Commencing this week, the new VSA will deploy five 6,700 teu-type vessels, of which MSC will operate three.

The news comes from an MSC customer advisory, but is yet to be officially confirmed by Zim.

According to MSC, the updated rotation of the Israel Express Service will be: London Gateway-Rotterdam-Hamburg-Antwerp-Le Havre-Ashdod-Haifa-Damietta-Valencia-London Gateway.

The cooperation on the route renews a partnership Zim had enjoyed with MSC and its 2M partner Maersk, until it was terminated in January 2022, obliging the Israeli carrier to make other arrangements to cover commitments.

Zim is in the process of restructuring its liner network, after suffering a second-quarter net loss of $213m and reaffirming its full-year guidance for an ebit loss of up to $500m.

In June, the Haifa-based carrier terminated its Asia-US west coast services to concentrate on the more lucrative Asia to the US east coast route, where it still operates, in conjunction with the 2M Alliance.

Last week Zim announced it was suspending its Asia-Australia CAX service from October and, subject to regulatory approval, joining MSC’s Panda service, contributing three 5,000 nominal teu ships to the seven-vessel loop.

The carrier also said it was replacing its Oceania TFX and N2A loops with newly branded ZAO and ZOX services, which appear to be slot charters on MSC’s Kiwi Express and Capricorn strings.

Zim’s EVP for intra-Asia, Danny Hoffman, said that the move represented an “exciting new phase” for the carrier. He explained: “Our current Oceania services network will be restructured in cooperation with MSC to enhance reliability and strengthen our customer offerings.”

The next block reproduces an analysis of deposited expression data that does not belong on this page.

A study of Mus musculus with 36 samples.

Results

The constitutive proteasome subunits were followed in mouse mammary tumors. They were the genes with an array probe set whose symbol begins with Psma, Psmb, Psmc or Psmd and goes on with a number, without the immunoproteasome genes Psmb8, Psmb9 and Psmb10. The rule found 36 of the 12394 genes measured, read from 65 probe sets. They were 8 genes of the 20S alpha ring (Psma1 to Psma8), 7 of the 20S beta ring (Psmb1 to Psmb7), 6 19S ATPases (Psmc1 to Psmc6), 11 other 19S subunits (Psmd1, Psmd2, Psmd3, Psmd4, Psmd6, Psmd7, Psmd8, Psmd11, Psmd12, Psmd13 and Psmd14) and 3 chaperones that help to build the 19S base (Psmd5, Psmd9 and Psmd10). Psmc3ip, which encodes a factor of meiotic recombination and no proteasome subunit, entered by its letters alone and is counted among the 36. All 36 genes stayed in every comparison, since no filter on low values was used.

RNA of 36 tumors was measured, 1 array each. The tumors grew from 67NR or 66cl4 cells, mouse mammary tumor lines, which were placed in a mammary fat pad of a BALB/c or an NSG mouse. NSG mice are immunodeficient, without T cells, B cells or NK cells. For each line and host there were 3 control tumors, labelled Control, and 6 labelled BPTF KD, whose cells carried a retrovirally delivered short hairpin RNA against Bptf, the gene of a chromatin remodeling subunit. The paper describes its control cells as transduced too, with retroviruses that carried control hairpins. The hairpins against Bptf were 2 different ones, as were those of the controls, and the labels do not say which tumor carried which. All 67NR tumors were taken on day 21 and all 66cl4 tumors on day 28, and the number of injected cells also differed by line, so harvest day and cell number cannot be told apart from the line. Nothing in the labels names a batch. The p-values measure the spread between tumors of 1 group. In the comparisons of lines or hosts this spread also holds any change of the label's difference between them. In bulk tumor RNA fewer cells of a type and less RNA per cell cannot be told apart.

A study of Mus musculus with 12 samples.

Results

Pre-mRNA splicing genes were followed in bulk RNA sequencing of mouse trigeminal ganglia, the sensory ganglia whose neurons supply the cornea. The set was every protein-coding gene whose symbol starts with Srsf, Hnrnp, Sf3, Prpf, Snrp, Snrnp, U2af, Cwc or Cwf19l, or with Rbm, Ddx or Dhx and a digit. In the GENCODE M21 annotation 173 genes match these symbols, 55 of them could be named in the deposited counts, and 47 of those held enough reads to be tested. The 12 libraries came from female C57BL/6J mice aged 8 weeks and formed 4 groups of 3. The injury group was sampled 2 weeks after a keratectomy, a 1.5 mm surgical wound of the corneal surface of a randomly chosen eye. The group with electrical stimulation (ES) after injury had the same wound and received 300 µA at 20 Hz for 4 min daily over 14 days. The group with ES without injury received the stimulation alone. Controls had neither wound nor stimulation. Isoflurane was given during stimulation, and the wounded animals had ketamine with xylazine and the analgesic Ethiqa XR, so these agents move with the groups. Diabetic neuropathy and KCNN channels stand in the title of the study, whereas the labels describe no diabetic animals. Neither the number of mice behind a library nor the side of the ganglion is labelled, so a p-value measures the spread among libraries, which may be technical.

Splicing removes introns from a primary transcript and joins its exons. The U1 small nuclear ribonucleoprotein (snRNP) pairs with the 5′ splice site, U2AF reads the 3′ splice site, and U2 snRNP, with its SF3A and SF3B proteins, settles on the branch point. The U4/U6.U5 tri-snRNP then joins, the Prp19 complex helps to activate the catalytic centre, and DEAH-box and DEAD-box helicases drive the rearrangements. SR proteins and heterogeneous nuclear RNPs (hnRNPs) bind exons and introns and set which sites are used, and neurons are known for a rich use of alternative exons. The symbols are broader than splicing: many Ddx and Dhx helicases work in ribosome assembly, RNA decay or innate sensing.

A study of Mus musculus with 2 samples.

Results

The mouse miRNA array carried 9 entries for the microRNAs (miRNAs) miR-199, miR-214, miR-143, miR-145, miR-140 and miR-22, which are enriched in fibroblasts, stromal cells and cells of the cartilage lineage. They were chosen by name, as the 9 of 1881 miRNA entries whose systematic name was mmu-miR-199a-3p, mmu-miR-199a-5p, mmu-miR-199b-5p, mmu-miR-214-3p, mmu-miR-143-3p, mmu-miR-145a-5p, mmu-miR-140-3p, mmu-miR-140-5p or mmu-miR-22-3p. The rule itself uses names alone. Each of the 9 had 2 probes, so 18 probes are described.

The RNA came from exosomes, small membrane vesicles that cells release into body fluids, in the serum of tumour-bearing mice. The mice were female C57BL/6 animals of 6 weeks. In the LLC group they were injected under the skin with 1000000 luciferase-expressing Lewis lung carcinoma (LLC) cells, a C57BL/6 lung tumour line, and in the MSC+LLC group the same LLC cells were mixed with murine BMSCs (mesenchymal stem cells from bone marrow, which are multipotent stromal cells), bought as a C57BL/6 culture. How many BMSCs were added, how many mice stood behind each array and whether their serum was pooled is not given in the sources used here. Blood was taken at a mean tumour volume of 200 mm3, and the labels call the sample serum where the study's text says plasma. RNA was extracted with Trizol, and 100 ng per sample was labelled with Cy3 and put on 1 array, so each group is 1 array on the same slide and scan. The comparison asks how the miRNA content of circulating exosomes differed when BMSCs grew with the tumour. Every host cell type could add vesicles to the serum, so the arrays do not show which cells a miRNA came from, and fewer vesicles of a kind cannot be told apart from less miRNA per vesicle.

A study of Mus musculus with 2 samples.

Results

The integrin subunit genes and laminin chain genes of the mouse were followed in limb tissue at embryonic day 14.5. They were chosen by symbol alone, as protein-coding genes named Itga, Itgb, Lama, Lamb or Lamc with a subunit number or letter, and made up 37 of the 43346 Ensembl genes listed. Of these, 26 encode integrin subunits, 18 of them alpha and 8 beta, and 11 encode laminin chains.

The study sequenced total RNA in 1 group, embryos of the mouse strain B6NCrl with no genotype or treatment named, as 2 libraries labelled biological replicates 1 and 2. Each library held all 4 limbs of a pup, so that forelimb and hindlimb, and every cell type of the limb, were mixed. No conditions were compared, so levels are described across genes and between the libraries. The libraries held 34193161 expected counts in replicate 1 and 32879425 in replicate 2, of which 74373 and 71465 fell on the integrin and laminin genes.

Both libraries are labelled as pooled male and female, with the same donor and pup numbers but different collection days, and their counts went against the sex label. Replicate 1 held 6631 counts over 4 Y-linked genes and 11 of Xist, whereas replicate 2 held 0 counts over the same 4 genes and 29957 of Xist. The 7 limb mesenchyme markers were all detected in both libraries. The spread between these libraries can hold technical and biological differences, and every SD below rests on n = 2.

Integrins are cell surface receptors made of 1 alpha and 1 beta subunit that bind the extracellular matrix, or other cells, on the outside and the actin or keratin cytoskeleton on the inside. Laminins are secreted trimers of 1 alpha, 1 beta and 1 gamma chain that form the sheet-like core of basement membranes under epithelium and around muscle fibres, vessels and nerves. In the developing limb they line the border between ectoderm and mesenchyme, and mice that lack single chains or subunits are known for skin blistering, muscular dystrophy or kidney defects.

It was noted by Alphaliner, following the agreement with MSC, that Zim would need to find new employment for around ten 2,500-2,800 teu chartered-in vessels that currently operate on the soon-to-be-discontinued Oceania loops.

The carrier has, in fact, recently been extremely active in the sub-let charter market, successfully re-letting surplus ships to mitigate the  daily hire liabilities it has with vessel owners.

However, the demand for tonnage, particularly in the smaller sizes, has pivoted to an over-supplied position in the past few weeks, meaning that Zim could now find sub-letting its redundant ships more of a challenge.

According to Alphaliner data, Zim is ranked 10th in the container line league table, with capacity of 568,577 teu on 130 ships, of which only nine ships are owned by the carrier. Moreover, Zim has a large orderbook, of 38 long-term charter vessels with a nominal capacity of 306,184 teu.

Therefore, in the absence of market-share growth, it will need to redeliver or sub-let a significant amount of its existing chartered tonnage to accommodate the arrival of the newbuilds.